Biden sees some political gain in hostage deal, says Israel’s ambassador to US

According to Michael Herzog, the president is eager to show success ahead of election — but that is not the main reason he is putting effort into securing the release of captives

Lazar Berman is The Times of Israel's diplomatic reporter

Israeli Ambassador to the US Michael Herzog speaks during Israel's Independence Day reception, hosted by the Israeli embassy to celebrate the 75th anniversary of the founding of the State of Israel, at the National Building Museum in Washington, DC, June 6, 2023. (SAUL LOEB / AFP)
Israeli Ambassador to the US Michael Herzog speaks during Israel's Independence Day reception, hosted by the Israeli embassy to celebrate the 75th anniversary of the founding of the State of Israel, at the National Building Museum in Washington, DC, June 6, 2023. (SAUL LOEB / AFP)

There is a political aspect to US President Joe Biden’s push for a ceasefire and hostage deal between Israel and Hamas, Israel’s Ambassador to the US Mike Herzog told Army Radio on Wednesday.

“Biden will see it as an achievement and will want to take credit — as everyone knows, we are approaching the elections,” said Herzog.

“The ability to show an achievement on an issue he worked on for a long time is of course important to him,” the ambassador continued.

“I’m not saying this is the main reason he wants a deal,” Herzog said. “Even when there wasn’t a political mess, he was very focused on this. But there is of course a political dimension as well.”

A summit between Israel and Egyptian, Qatari and American mediators on a potential deal was held Wednesday in the Qatari capital of Doha. The three countries have been striving to hammer out an agreement between Israel and Hamas for the release of over 100 hostages that the Palestinian terror group abducted from Israel during its devastating October 7 assault and who are still held by the group.

Biden has put significant diplomatic muscle behind the effort to find a formula that both sides accept. In May, he revealed Israel’s latest proposal in a White House address. It took weeks of pressure for Hamas to issue a response that sparked renewed talks in Cairo and Doha.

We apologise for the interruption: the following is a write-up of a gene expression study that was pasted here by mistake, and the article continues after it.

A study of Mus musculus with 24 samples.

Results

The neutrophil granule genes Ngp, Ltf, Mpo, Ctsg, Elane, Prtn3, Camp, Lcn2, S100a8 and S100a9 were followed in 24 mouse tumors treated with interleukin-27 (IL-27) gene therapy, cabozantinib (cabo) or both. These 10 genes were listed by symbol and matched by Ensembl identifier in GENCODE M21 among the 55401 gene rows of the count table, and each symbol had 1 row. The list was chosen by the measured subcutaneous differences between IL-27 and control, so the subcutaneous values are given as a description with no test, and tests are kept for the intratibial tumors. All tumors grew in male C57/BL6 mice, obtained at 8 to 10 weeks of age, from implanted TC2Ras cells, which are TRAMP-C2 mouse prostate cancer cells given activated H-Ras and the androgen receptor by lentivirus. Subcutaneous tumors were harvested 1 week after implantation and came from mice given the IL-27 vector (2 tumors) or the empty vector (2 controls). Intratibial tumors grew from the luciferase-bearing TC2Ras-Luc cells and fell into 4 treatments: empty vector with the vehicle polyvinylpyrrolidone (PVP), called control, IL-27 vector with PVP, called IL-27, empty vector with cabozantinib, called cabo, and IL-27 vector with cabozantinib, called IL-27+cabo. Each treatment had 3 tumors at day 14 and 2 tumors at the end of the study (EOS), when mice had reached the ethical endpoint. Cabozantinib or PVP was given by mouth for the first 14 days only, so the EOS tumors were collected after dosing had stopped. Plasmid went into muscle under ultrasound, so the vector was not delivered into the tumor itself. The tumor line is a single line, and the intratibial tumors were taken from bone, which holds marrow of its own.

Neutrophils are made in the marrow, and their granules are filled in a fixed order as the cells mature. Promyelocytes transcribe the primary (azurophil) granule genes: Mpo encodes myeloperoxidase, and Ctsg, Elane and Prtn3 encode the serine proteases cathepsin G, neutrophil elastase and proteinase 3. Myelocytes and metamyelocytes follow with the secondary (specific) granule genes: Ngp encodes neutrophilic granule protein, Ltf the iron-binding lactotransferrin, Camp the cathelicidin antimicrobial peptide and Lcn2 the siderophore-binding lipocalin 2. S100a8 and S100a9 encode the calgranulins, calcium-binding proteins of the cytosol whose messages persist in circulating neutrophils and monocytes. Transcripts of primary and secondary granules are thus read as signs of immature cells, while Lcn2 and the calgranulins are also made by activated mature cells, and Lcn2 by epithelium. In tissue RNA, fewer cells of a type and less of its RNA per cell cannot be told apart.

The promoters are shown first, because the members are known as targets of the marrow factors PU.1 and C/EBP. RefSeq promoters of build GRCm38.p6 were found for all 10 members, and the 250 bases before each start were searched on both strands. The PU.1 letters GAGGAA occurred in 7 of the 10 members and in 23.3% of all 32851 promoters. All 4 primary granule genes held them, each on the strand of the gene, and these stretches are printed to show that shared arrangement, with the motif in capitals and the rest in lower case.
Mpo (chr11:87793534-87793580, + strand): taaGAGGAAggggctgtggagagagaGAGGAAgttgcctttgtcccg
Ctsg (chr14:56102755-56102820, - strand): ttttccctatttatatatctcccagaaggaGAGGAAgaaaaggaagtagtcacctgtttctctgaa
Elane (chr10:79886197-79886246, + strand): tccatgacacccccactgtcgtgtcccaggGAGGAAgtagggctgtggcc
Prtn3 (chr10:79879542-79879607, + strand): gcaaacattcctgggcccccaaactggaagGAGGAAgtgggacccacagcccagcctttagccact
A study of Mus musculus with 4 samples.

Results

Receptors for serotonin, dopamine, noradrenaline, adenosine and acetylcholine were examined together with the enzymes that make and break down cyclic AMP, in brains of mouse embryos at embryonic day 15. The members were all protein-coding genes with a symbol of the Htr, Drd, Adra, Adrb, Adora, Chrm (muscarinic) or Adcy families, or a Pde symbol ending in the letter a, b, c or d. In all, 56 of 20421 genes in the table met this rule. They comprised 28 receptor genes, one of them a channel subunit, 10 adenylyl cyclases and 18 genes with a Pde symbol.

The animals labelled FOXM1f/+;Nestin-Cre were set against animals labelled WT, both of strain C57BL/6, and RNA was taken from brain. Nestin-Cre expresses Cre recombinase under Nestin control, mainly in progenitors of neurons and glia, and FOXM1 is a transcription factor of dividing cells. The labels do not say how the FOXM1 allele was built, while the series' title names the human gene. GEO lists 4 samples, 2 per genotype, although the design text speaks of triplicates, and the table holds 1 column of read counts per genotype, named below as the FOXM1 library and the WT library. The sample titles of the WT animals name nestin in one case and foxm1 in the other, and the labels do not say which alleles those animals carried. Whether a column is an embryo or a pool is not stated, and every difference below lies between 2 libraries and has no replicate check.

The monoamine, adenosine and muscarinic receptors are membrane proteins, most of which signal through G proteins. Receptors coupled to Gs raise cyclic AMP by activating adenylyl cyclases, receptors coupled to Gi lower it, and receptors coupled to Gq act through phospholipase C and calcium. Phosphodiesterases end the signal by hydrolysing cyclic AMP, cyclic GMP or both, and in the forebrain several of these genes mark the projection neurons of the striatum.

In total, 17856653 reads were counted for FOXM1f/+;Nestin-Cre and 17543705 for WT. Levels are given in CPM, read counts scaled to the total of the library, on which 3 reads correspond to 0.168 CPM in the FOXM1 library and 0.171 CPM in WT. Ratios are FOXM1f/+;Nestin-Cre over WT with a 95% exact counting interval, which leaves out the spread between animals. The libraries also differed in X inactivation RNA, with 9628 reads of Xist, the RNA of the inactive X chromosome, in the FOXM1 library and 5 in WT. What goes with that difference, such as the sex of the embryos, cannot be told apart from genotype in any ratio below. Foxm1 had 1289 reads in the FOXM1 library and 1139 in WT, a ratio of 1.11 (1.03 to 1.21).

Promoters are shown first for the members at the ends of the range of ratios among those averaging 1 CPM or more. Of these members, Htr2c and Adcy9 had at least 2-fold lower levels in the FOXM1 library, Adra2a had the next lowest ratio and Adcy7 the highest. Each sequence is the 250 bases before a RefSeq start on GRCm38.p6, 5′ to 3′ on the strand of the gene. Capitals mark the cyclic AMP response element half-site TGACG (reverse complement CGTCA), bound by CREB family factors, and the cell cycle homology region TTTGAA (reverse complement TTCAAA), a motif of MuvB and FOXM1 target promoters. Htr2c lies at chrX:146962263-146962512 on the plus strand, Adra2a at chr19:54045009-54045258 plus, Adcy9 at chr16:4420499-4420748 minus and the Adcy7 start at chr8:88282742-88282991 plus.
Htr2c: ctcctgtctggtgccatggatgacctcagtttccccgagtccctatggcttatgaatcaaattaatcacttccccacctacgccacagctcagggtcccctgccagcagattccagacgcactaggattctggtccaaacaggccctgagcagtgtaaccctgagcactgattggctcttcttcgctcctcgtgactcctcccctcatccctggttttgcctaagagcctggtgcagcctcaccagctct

US President Joe Biden, right, meets with freed hostage Liat Atzili at the White House on July 8, 2024. (White House/X)

“Americans are saying both that there is movement in Hamas’s position and that there are still gaps that we need to work to close, and that is what they are working on right now,” said Herzog.

The ambassador also denied that the Biden administration blamed Israel for the months of fruitless attempts to close a deal.

“They understand the complexity, they understand the difficulty,” he said.

Herzog insisted that Prime Minister Benjamin Netanyahu’s planned address to a joint session of Congress on July 24 would be seen as a bipartisan initiative, and would not be viewed as an intrusion into US politics.

File: Israel’s Prime Minister Benjamin Netanyahu waves following his address to a joint session of the US Congress on March 3, 2015 at the US Capitol in Washington, DC. (MANDEL NGAN / AFP)

“Most people in the government and in Congress understand that Israel is in a time of war,” he said, adding that the speech would focus on that.

Herzog acknowledged disputes between Washington and Jerusalem regarding the Israel-Hamas war but asserted that overall relations are “strong.”

“Most of the things that we are dealing with are not disclosed to the public, but are very important,” he added.

Netanyahu will likely meet with Biden when the Israeli premier is in Washington, the White House confirmed last week.

“The president has known Prime Minister Netanyahu for three decades. They will likely see each other when the prime minister is here over the course of that week, but we have nothing to announce at this time,” a White House official told The Times of Israel.

The meeting will come against the backdrop of another fraught point in ties between the two governments, sparked by a video Netanyahu issued last month in which he accused the Biden administration of withholding significant amounts of weapons from Israel.

The US has vehemently denied the claim, insisting that it has only delayed one shipment of heavy bombs it doesn’t want Israel using in densely populated parts of Gaza. The White House acknowledged that some bottlenecks had accumulated in the US weapon transfer system, but insisted that it wasn’t intentional and that they were being addressed following Defense Minister Yoav Gallant’s visit to Washington.